Mar 30, 2013
In genre fiction, especially romance, there has long been a blackout of the forties and fifties. Maybe there were a few publishers who tentatively dipped their toes in the waters of those decades, but for the most part, the millions of possible stories of that era remained untold. It's hard to say why, really, but the gatekeeper-publishers just weren't buying/publishing many manuscripts set in that era. Things may be turning around now, with all changes in the book market, or maybe the blacklisted decades have just advanced to the sixties or eighties. Of course, this isn't really what one would call a card-carrying historical romance, so perhaps I am misapplying a rule of genre romance over another genre. It's a new cross-genre world, as far as book publishing is concerned. Initially, I was doubly interested in The Fat Chef by Fredrik Nath, because it combines a couple of my favorite subjects: cooking, history and mystery.
The Fat Chef himself is Raoul, Head Chef of Le Metro in 1940 Paris. As the story begins, Raoul is with some of his staff from the hotel Le Metro, watching the Germans triumphant march as they come in to occupy his beloved Paris. The book is a slow starter because we have to see who the protagonist is in the context of his life "before" war. After we meet Raoul, it takes some time to see the patriotic heart he hides beneath a huge, seemingly benign bulk, but eventually actions eventually speak louder than words--even if no one sees them.
Raoul is a man of his time, and accepts himself and his weight, which in one sense functions as a camouflage to a spine no one (except maybe Natalie) realizes he has. His vocation and avocation is food, his kitchen, and the hotel; and in his position--within the boundaries of his kitchen realm--as head chef, he runs his world with flair, and taste. At first his best intent is not to let the German occupation touch him. But Paris is occupied. The Germans can not be ignored, especially when they take over the hotel.
In many ways, this tale is a French version of the domestic point of view expressed in Remains of the Day, the action of which is set during the forties, and in which, the English butler Mr Stevens responds to the invasion of politics into his English domain by maintaining the appearance of business as usual, even at great personal cost. In The Fat Chef, at first it seems that Raoul is going to cope in the same way, "Business as usual. We will rise above all this politics." But the essential Frenchness of Raoul, his passion and hunger for and appreciation of life, and especially his secret passion for his Jewish sous chef Natalie lead us into a story that follows a very different path. Maybe Raoul's unrequited love during the Nazi occupation is not quite so unrequited.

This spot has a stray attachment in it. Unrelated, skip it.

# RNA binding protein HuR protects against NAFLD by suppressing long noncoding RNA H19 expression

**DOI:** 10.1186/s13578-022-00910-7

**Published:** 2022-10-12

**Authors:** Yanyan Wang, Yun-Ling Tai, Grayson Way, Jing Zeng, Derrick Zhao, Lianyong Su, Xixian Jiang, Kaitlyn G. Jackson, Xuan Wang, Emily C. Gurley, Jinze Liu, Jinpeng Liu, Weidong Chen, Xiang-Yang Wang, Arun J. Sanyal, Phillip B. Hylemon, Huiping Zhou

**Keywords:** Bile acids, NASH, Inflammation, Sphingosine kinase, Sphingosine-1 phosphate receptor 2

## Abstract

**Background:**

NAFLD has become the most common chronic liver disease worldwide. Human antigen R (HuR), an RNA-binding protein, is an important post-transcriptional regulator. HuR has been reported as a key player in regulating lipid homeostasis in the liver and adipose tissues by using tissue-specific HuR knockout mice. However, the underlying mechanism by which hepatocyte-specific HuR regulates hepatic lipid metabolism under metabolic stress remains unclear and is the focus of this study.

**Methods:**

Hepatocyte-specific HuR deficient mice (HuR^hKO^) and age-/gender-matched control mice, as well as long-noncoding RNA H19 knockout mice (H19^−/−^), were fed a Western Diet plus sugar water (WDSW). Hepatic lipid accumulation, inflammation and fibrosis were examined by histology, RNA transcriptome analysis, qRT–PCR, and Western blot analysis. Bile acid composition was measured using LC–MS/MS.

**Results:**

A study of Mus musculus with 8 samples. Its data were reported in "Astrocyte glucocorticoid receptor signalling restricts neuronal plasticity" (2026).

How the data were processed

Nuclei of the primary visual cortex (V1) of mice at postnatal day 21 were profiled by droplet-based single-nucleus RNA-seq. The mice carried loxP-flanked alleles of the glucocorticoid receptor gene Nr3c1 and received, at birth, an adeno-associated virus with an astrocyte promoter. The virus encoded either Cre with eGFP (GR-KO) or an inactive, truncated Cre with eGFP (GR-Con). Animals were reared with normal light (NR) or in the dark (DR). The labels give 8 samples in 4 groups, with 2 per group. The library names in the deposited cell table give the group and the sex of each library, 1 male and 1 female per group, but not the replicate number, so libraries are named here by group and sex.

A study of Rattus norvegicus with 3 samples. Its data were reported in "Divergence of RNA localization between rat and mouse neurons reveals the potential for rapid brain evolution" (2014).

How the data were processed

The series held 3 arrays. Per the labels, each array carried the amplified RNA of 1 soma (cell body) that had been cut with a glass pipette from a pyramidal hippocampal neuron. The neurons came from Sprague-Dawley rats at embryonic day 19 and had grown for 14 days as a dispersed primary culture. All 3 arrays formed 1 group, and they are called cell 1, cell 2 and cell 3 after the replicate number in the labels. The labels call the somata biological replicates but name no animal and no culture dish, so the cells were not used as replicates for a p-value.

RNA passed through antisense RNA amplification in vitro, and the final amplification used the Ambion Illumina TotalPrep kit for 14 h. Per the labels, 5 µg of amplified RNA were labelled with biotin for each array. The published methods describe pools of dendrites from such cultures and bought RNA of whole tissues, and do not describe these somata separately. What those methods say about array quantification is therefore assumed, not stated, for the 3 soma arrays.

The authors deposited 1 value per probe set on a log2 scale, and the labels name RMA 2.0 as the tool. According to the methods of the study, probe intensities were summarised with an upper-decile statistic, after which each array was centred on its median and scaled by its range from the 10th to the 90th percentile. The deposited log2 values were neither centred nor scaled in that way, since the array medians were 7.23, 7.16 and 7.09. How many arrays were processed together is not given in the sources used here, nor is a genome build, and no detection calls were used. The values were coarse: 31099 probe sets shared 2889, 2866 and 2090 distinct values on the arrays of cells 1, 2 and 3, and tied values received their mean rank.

While this novel is part of Fredrik Nath's World War 2 Adventure series, it should be noted that it stands on its own. In fact, since this is the first of Mr. Nath's books that I have read, I can't say if there is any interaction between the novels in the series. I can say that I found the book intriguing. The slow pace is more akin to a romance than a thriller, and though it hit's the ground at an amble, The Fat Chef, bubbles, toils and troubles through a number of very unexpected plot twists. Raoul has a metamorphosis and sacrifices are made. The author's bio says Fredrik Nath loves a good story, and I believe it, because this is a good story. I think it's the best story I've ever read that was written by a full time neuro-surgeon, so I'm glad that when Nath is not carving up patients in surgery, he turns his intriguing brain to writing fiction. An enjoyable read, refreshing voice, believable character.